Scottsdale (Ariz.) Healthcare and John C. Lincoln Health Network in Phoenix are forming an umbrella company to operate their five not-for-profit hospitals in order to adjust more nimbly to new payment and delivery models.
Under a definitive agreement reached Thursday, Scottsdale Healthcare President and CEO Thomas Sadvary will be CEO of the new company, to be called Scottsdale Lincoln Health Network. Lincoln President and CEO Rhonda Forsyth will be president.
The assets of the two systems, which compete in the Phoenix area with Banner Health and Dignity Health, would remain separate. A single board with balanced representation of Scottsdale and Lincoln would govern both organizations and the new umbrella company. The transaction is expected to close Oct. 1 pending regulatory approvals.
The combined system, according to a news release, would strive for more access to acute and preventive services, better care coordination, integration of health information technology and shared best practices.
Forsyth said the structure of the deal was devised to meet those goals without an asset merger that would carry implications for each organization's debt and obligated group.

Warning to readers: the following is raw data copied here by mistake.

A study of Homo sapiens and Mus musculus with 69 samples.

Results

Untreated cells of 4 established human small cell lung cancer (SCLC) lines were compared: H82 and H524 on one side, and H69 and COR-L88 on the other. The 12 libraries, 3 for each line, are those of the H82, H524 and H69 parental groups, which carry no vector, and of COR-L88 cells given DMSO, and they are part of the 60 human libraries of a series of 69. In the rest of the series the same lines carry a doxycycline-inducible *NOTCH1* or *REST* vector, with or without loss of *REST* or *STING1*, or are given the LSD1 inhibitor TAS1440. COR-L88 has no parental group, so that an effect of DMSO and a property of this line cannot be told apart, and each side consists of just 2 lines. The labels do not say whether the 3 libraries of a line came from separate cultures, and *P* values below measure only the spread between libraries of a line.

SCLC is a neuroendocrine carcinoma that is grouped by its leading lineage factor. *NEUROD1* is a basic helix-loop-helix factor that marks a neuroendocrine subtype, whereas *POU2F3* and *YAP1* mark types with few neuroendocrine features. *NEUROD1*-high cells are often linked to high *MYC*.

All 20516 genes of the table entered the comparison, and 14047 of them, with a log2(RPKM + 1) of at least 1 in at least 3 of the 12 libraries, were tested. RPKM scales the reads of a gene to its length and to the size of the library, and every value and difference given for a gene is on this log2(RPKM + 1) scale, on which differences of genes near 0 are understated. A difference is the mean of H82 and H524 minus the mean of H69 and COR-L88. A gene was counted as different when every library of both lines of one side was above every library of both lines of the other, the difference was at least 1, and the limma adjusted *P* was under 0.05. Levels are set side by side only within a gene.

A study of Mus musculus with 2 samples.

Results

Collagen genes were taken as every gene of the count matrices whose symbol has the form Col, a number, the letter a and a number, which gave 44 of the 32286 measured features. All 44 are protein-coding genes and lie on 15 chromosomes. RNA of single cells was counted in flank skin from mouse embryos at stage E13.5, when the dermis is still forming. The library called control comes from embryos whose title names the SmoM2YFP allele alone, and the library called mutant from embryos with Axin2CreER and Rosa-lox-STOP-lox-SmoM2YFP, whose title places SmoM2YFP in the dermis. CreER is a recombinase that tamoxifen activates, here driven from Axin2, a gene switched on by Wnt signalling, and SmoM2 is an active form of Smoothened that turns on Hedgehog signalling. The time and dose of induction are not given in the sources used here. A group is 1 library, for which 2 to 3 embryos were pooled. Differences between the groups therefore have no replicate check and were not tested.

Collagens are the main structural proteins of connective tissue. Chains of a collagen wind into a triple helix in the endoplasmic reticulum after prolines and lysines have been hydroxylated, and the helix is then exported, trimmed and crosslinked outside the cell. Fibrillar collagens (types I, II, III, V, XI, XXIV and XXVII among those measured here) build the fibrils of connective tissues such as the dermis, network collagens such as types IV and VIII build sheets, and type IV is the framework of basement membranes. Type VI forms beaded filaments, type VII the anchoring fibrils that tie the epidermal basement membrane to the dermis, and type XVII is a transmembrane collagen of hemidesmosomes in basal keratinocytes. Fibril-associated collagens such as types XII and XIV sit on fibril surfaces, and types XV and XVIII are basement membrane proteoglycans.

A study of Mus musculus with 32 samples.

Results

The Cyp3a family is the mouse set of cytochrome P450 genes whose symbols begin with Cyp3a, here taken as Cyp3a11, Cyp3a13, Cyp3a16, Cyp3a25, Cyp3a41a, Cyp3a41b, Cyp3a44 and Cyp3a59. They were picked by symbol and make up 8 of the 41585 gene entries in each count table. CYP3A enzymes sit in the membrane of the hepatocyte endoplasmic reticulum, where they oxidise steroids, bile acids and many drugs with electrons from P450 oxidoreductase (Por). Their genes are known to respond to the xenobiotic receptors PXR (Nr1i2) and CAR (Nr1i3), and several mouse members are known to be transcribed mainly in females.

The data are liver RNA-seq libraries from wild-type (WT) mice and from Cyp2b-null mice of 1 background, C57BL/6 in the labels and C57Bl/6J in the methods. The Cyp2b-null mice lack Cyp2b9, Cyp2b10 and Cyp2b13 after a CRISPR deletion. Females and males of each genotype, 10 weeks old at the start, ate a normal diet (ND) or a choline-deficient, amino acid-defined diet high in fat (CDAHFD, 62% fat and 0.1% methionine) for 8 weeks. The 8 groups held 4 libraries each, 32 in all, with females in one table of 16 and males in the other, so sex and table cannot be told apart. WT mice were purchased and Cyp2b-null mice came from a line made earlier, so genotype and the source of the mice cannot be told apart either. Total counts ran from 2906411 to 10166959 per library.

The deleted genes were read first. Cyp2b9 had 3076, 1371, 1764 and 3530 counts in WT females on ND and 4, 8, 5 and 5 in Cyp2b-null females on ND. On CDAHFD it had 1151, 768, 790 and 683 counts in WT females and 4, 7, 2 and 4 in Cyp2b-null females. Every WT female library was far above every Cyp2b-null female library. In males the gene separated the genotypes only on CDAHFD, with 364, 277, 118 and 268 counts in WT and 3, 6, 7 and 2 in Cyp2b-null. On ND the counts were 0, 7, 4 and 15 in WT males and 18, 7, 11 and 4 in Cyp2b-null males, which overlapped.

Scottsdale Healthcare earned $27.8 million in operating income on $850.7 million in revenue for the fiscal year ended Sept. 30, 2012, according to financial statements reported to bondholders. John C. Lincoln reported $21.7 million in operating income on $520.2 million in revenue for the fiscal year ended Dec. 31.
John C. Lincoln Health Network includes an accountable care organization that's participating in the Medicare Shared Savings Program. Scottsdale Healthcare, meanwhile, is applying to participate in that program with Scottsdale Health Partners, operated as a managed-service organization with physicians. Scottsdale Health Partners recently entered a private accountable care contract with Cigna.
“How those organizations will work together—that's one of the things we still need to work through,” Forsyth said in an interview.
“We both are very healthy organizations—this is not an affiliation where one partner needs help,” Forsyth said. “It's really a response to a changing landscape, to create an organization that can respond to capacities around population management, improving quality and lowering costs. Together, we're much more likely to be effective in that.”